Conestoga news

May 15, 2024 3:14 PM

Inaugural Girls in Gaming event introduced youth to game art and design

Conestoga’s first Girls in Gaming event gave girls and non-binary youth the chance to try game art and design.


The School of Creative Industries, the School of Applied Computer Science & Information Technology, and the Virtual and Augmented Reality Lab (VARLab) and Esports Hub hosted the free event for Grades 7 to 10 students on May 11 at the Waterloo campus.

During the hands-on workshop, participants learned about the elements of game design and took home a copy of what they created and additional resources to continue exploring the world of gaming. Afterwards there was an optional drop-in at the Esports Hub.

Girls in Gaming was created to introduce more women to college programs that are traditionally male-dominated knowing representation is important to creating meaningful stories and games, said Professor Kim Nutter.

“My hope is that Girls in Gaming can show the different facets of game development to young girls, empower them with the opportunity to explore skills used in the industry in a safe and inclusive environment and ultimately show them a path towards a career where they can add their voice and story to create richer, more diverse experiences,” Nutter said.

The event wasn’t just inspiring for the participants.

“These girls were ready to jump into every part of development, including pixel art, level design, and even programming. I am hopeful that seeing the game development pipeline will peak their interest to pursue a career in games. Seeing their smiles of accomplishment after the event was so rewarding.”

The plan is to host more events in the future to introduce more girls and non-binary youth to game design.

The morning started with the participants trying a free website for making pixel art, first playing around with shapes and colours before creating a “collectible” like a coin for their game. Collectibles are content that’s not essential to progress through a game but adds fun or interest.

“A lot of pixel art is just experimenting,” Maja Meeser told the participants while walking them through the basics of creating images out of squares.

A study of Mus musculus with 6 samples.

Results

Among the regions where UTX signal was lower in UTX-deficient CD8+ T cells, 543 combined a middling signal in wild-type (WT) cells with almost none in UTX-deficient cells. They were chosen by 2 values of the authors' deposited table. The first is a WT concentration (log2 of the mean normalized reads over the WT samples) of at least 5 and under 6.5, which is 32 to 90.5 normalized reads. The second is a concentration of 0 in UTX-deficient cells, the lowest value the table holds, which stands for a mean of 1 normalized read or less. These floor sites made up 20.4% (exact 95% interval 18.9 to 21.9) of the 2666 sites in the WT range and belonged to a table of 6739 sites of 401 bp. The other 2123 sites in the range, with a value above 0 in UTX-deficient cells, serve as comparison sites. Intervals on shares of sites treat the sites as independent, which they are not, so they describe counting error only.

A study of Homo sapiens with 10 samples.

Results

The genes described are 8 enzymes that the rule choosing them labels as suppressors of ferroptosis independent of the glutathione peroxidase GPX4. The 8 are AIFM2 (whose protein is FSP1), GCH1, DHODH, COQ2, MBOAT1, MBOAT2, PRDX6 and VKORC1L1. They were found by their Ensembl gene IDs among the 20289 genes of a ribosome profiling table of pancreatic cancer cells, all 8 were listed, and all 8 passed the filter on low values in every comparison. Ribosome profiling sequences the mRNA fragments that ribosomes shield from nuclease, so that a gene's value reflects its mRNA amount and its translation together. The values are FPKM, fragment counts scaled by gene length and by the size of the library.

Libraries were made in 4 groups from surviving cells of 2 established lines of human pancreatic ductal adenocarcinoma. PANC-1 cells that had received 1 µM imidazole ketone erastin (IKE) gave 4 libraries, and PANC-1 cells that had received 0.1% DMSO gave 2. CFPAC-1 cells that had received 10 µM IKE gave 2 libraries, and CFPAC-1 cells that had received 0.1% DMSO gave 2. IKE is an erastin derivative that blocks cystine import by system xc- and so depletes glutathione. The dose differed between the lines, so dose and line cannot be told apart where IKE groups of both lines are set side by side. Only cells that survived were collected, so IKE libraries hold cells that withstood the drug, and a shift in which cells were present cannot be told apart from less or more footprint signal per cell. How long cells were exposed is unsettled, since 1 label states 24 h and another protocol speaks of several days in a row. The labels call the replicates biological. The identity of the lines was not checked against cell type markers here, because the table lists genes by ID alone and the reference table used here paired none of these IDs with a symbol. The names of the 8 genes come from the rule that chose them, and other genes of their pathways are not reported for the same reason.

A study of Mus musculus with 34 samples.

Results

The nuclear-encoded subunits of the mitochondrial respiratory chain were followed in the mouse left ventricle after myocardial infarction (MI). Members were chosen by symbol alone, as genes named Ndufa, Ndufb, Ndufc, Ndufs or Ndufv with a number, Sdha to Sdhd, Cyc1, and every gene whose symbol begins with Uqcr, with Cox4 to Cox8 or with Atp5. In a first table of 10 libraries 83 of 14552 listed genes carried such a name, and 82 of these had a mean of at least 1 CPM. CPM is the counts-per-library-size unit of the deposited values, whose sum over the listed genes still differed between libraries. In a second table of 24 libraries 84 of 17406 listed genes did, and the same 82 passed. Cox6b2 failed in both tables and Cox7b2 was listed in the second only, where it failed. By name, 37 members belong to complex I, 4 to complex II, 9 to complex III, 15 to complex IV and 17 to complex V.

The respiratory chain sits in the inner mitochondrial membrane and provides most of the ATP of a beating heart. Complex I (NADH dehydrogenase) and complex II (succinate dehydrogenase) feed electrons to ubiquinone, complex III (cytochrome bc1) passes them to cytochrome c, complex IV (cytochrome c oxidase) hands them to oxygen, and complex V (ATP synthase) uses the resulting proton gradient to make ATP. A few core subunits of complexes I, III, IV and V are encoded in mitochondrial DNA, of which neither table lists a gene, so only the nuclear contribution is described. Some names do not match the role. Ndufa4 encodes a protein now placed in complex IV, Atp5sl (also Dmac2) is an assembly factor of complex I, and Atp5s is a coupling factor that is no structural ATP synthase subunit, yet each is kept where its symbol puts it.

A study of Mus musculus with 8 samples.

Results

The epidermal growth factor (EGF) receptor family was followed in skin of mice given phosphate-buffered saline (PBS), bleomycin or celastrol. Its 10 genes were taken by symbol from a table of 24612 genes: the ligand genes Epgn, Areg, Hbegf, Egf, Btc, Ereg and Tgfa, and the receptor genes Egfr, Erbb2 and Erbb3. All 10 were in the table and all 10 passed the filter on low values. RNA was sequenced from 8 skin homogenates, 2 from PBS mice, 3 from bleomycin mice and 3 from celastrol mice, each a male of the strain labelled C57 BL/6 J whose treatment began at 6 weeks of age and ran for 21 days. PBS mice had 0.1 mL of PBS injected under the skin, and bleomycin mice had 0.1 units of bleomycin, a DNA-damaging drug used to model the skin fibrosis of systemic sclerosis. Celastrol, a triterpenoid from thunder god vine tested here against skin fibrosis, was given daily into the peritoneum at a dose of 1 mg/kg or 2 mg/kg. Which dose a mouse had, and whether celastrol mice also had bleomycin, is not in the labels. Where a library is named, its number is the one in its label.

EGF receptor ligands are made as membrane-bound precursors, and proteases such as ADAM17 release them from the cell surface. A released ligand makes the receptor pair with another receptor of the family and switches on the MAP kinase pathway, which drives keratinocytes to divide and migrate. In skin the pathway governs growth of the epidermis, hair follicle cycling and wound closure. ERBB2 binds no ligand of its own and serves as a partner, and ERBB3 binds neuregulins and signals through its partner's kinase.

Meeser graduated from the Game - Design program in 2023, and is keen to see more women joining the field of gaming. For Meeser, it’s another avenue of art and a creative outlet with “more freedom, more experimentation.”

Along with Meeser, the other instructors were Mary Ellen Daniels, Anzhelika Kostyuk, Carolina Naoum Junqueria and Leo Bunting.

Once the participants wrapped up playing with pixels, their unique images were imported into a gaming platform to become part of the simple game they learned how to make.

Maggie Edwards heard about Girls in Gaming in her Grade 9 class. How to create a video game is entirely new to her, and she also braved her first time on a campus to see what it was all about.

“It’s a topic I’m interested in and it sounded like a good opportunity,” Edwards said.

Grade 7 student Harini Arunkumar has an interest in art in general, mostly creating digital art. She’d tried some coding before, but pixel art was something new to experiment with.

“I thought this would be a new opportunity,” Arunkumar said. “I like it. I think it could take me far.”

Conestoga’s School of Creative Industries offers dynamic programs spanning all aspects of media, communication and design. Career options include game designer, interactive designer, podcaster, community relations specialist, e-retail visual designer, interior decorator, multimedia editor, camera operator, 3D animator, graphic designer, media coordinator, social media analyst, motion graphics artist, and event marketing specialist.